UWI students could face increased tuition fees


PORT OF SPAIN, Trinidad– The Pro-Vice-Chancellor and Principal of the St. Augustine campus of the University of the West Indies (UWI), Professor Brian Copeland, Wednesday confirmed that the tertiary institution is seeking to increase its tuition fees

But speaking on a local radio talk show, Professor Copeland, who is due to demit office in July, said that a final decision will most likely be taken when the University Council meets on April 29.

Copeland, who did not indicate the level of fee increase being sought, nonetheless defended the move telling radio listeners that there were students who were not yet born now attending the university when the fees were last adjusted in 2001.

“Fee increases represent one of the strategies we have for making the campus’ finances much more robust,” he said, noting that the university has faced “financial deficits.”

He said last year, the campus recorded a “slight surplus” but that it went straight to bolster the situation with one of the faculties.

“We have challenges with our finances, and I have to say…I don’t know if you could work in a company where the cost of your product has been stagnant for 21 years. That’s where we are right now.

‘There are students we had taken in who were not even born in 2001 when the last fee changed, but it is not the reason for looking at it; it is an issue of bringing our finances in line with the formula used across all other campuses that have been agreed to for many years whereby students pay for 20 percent of the economic costs of the university…

“Right now, it sits at around 12 or 13 percent, but the main reason is to get us to a state where we are much more robust, much more able to keep the campus afloat”.

Apart from the Open Campus and St. Augustine, the UWI has campuses in Jamaica, Barbados, Antigua, and Barbuda.

While the fee increase had not yet been officially confirmed, Copeland said the first official meeting would take place on Thursday, with two other rounds of discussions culminating in the University Council meeting at month-end.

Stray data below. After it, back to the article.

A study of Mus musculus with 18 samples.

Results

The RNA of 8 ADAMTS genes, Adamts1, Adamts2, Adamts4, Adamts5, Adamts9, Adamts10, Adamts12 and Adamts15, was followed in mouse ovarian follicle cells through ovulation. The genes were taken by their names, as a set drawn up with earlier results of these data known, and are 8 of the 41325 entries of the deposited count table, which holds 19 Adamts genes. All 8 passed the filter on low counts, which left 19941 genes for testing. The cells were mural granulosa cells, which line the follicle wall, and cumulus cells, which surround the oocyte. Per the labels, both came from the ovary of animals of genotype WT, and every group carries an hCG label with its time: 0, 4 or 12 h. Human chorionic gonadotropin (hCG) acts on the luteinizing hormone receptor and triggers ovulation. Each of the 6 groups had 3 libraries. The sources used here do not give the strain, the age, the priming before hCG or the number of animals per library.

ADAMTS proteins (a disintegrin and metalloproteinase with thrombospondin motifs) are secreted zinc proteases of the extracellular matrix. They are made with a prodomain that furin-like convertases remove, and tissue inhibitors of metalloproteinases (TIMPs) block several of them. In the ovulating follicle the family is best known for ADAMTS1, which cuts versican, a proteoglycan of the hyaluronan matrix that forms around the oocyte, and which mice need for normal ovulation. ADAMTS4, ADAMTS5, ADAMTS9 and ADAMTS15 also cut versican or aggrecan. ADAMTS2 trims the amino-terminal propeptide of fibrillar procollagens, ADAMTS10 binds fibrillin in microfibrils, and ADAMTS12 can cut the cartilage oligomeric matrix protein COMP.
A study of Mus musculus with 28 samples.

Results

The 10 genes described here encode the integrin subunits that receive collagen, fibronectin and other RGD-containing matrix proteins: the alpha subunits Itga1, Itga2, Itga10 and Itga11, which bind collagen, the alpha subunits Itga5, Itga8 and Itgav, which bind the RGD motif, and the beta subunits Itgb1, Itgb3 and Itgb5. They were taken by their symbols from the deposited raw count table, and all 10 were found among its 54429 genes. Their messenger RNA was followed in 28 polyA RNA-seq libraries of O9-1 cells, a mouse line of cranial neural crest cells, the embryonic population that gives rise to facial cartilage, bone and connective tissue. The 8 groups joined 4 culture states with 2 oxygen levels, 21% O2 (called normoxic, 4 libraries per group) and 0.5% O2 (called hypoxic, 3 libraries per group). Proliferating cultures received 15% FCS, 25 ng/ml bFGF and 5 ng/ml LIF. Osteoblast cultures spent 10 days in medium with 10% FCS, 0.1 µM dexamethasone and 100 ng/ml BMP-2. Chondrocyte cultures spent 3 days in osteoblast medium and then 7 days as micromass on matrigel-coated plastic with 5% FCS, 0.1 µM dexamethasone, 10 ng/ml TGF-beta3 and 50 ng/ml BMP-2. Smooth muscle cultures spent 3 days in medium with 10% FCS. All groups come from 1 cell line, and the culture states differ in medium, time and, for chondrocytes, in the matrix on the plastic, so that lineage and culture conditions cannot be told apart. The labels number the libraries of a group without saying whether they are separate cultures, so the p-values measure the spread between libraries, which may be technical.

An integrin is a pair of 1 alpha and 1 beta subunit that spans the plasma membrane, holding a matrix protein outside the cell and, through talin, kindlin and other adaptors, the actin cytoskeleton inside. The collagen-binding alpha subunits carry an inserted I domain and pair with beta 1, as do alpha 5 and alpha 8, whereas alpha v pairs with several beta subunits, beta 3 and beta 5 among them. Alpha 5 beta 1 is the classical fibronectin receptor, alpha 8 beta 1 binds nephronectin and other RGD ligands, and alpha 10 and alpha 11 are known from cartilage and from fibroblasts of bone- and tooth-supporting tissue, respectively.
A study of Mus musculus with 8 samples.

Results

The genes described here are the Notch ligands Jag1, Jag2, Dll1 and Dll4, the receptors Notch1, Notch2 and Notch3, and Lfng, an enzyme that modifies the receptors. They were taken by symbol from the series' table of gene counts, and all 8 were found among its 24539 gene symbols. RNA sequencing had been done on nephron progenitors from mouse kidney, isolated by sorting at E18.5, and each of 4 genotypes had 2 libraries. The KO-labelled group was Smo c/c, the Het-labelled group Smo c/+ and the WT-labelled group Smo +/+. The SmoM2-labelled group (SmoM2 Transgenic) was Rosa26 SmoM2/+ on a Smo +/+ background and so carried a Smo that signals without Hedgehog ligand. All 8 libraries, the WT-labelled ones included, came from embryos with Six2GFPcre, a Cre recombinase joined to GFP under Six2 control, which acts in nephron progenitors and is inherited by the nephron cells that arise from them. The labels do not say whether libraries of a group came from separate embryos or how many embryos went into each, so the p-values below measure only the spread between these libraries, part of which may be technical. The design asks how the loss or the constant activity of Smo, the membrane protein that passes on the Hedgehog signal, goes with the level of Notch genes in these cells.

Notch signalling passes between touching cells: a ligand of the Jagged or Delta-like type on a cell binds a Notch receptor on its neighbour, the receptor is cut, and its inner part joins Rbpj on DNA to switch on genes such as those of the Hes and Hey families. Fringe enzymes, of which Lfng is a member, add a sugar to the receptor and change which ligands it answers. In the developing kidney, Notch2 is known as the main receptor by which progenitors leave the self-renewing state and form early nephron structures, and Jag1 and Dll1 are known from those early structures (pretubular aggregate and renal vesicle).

He said a meeting had been held with the Guild of Under Graduates on Tuesday, and “of course, they would prefer the fees to remain, but they understand why we are taking this stand.

“One of the initiatives that have been driving for the last six years is to get the campus community to realize precisely that we are a business. We are not a corporate business; we are into education, lifting the citizenry, and so on (but) we have to show at least a minimal surplus at the end of the year.

“We have tried many times in the past to increase tuition, and we have not been successful in getting that through to the various committees that need the approval,” he said, questioning also whether it is a good time or not to announce the fee increase.

“We recognize the challenge that exists, but we believe that if we don’t make that move in this particular year, it will be another 20 years before we start seeing any significant motivation to make those changes in the fees,” he said.

Copeland said that while undergraduate students were “leveling off,” those pursuing post-graduate studies “fell off precipitously,” saying it is a reflection of the decision by the current administration to review the Government Assistance for Tuition Expenses Programme (GATE)“when funding for postgrad programs had been removed.”